One of the odder decade-end lists was Nielsen’s list of the most-played singles on radio between 2000 and 2009. It’s a head scratcher — ”Drops of Jupiter” got more play than ”American Idiot” or anything by Coldplay? Usher was bigger than Beyonce or Justin Timberlake? In what universe?
It’s a list that reflects radio programmers who are out of touch with what real people are listening to. In the first decade of the 21st century, the radio broadcasters consolidated to make more money. Led by Clear Channel, which owns 894 radio stations in the United States, the goal was to offer standardized programming everywhere. Clear Channel also promoted concerts and bands, so it offered a seamless package for advertisers.
The problem is that the listeners revolted. No matter how many times they had to listen to it, a line like ”the best soy latte you ever had” never inspired drivers to sing along at the top of their lungs. Besides, Clear Channel stations were so packed with commercials that one was lucky to hear a song at all.
So what happened? People at home turned to the Internet. Why listen to yet another ad for herbal impotence preparations when one could hear good music from Santa Monica or the U.K.? It’s ironic, because in the early days of the Internet, the thought was that radio was the perfect complementary medium because you could have it on in the background while you were online. Of course, that’s when we were all using dial-up.
Clear Channel, meanwhile, is losing money, although that’s in part due to debt and restructuring charges from a 2007 merger with Bain Capital and Thomas Lee Partners, two private equity firms. Sirius XM had 18.5 million subscribers as of September 30 of 2009, all of whom were paying about $10 a month (or driving a new car) in order to avoid the dreck of some Morning Zoo DJ telling poo-poo and pee-pee jokes. Sirius is profitable, although not by much; its $500 million contract with Howard Stern cuts into results a bit.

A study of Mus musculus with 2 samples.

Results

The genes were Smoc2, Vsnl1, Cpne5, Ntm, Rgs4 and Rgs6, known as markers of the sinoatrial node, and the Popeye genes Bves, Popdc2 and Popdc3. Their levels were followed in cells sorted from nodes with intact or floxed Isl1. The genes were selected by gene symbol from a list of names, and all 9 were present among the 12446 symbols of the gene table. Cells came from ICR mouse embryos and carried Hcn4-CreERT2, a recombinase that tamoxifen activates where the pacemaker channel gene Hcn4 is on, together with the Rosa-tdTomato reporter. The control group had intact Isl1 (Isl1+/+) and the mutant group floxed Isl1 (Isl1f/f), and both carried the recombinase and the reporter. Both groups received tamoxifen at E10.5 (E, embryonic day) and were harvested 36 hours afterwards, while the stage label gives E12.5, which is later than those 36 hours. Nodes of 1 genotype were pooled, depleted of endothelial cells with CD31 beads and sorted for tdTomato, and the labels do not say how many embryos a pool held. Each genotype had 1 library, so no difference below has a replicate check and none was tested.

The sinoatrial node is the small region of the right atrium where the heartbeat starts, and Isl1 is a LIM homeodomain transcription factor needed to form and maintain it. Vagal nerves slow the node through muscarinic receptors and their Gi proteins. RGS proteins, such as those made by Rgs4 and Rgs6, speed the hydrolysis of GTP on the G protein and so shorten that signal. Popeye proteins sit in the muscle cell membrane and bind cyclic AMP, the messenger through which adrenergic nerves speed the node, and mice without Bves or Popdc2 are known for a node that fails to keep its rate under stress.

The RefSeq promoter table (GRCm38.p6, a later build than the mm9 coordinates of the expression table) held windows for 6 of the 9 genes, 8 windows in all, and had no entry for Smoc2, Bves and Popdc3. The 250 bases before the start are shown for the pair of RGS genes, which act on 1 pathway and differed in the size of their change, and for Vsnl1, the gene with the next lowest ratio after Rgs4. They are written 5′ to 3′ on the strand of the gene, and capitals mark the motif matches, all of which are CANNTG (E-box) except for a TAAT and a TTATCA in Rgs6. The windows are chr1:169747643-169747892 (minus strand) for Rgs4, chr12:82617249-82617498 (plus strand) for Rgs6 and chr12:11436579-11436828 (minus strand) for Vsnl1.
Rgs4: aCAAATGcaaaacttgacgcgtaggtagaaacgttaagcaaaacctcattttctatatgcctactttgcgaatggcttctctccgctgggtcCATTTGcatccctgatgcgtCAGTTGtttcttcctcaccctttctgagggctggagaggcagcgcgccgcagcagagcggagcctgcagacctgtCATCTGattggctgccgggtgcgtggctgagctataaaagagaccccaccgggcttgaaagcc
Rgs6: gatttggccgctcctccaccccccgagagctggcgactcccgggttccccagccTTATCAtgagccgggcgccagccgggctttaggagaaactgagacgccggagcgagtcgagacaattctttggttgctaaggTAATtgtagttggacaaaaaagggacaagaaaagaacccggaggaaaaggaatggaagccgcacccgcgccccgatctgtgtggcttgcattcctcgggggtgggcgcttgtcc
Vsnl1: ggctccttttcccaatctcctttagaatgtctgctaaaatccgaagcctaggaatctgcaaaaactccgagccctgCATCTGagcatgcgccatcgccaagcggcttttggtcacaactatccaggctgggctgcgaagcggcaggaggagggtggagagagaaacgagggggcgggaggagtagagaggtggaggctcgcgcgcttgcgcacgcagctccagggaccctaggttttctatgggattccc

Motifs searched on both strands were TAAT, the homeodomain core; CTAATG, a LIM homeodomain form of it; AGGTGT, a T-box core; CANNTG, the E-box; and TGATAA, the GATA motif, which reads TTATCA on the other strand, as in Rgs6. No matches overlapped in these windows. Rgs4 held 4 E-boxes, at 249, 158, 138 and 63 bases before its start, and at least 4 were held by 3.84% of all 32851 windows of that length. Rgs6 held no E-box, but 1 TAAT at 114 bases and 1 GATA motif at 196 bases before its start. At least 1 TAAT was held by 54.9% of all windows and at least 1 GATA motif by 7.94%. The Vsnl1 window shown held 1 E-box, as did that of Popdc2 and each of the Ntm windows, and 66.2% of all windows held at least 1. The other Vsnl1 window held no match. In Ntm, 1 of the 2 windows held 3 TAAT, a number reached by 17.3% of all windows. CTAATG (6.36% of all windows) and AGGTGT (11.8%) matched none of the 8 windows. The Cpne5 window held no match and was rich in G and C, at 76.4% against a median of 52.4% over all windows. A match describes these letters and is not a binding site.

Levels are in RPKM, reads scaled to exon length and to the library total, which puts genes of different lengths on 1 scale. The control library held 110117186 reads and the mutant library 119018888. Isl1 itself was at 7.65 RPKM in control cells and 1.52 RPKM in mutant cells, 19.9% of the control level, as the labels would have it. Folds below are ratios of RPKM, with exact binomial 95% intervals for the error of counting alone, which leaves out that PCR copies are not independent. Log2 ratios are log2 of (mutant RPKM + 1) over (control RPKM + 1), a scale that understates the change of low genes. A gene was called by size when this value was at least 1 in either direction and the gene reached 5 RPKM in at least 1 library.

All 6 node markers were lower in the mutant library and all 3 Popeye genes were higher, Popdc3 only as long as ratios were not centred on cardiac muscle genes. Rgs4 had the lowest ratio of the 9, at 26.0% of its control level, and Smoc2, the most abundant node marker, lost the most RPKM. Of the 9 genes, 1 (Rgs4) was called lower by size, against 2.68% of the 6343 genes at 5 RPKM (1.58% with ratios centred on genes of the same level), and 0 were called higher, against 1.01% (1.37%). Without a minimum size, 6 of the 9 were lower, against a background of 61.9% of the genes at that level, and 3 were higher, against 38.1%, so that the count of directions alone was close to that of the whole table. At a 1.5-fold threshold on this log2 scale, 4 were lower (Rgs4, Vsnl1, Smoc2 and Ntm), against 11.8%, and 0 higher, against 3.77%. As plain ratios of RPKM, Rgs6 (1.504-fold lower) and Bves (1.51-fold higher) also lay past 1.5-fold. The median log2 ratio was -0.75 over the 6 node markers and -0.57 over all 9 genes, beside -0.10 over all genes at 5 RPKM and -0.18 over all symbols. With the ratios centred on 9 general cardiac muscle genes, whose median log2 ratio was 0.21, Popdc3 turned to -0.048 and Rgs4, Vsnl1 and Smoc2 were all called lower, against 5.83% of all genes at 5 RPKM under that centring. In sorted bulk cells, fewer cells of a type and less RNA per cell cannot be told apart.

Apple introduced the iPod in 2001 and has since sold more than 220 million of the devices. They are used with iTunes software, which makes it easy for people to listen to their own music when they are at their computer, running on the track, or in the car. Radio Shack sells cigarette-lighter adapters for people with old cars, and most new models have a USB port. Even boring corporate Blackberries have music capabilities so that a road warrior can hear her own music in a hotel room, not whatever the local Clear Channel affiliate wants her to hear.
The result is that all the decade-end music charts are screwed up. They don’t reflect what people listened to. School kids didn’t learn about Soulja Boy on the radio; their friends told them to go home and find the video of the Crank Dat dance on YouTube. Then they watched Dora the Explorer do it. Radio never entered into the equation this decade.
Back in the olden days, the Clash, the Kinks, Rush, and the Ramones wrote hit songs about the magic of radio. That sub-genre of songwriting is dead. Clear Channel is dying. Long live rock.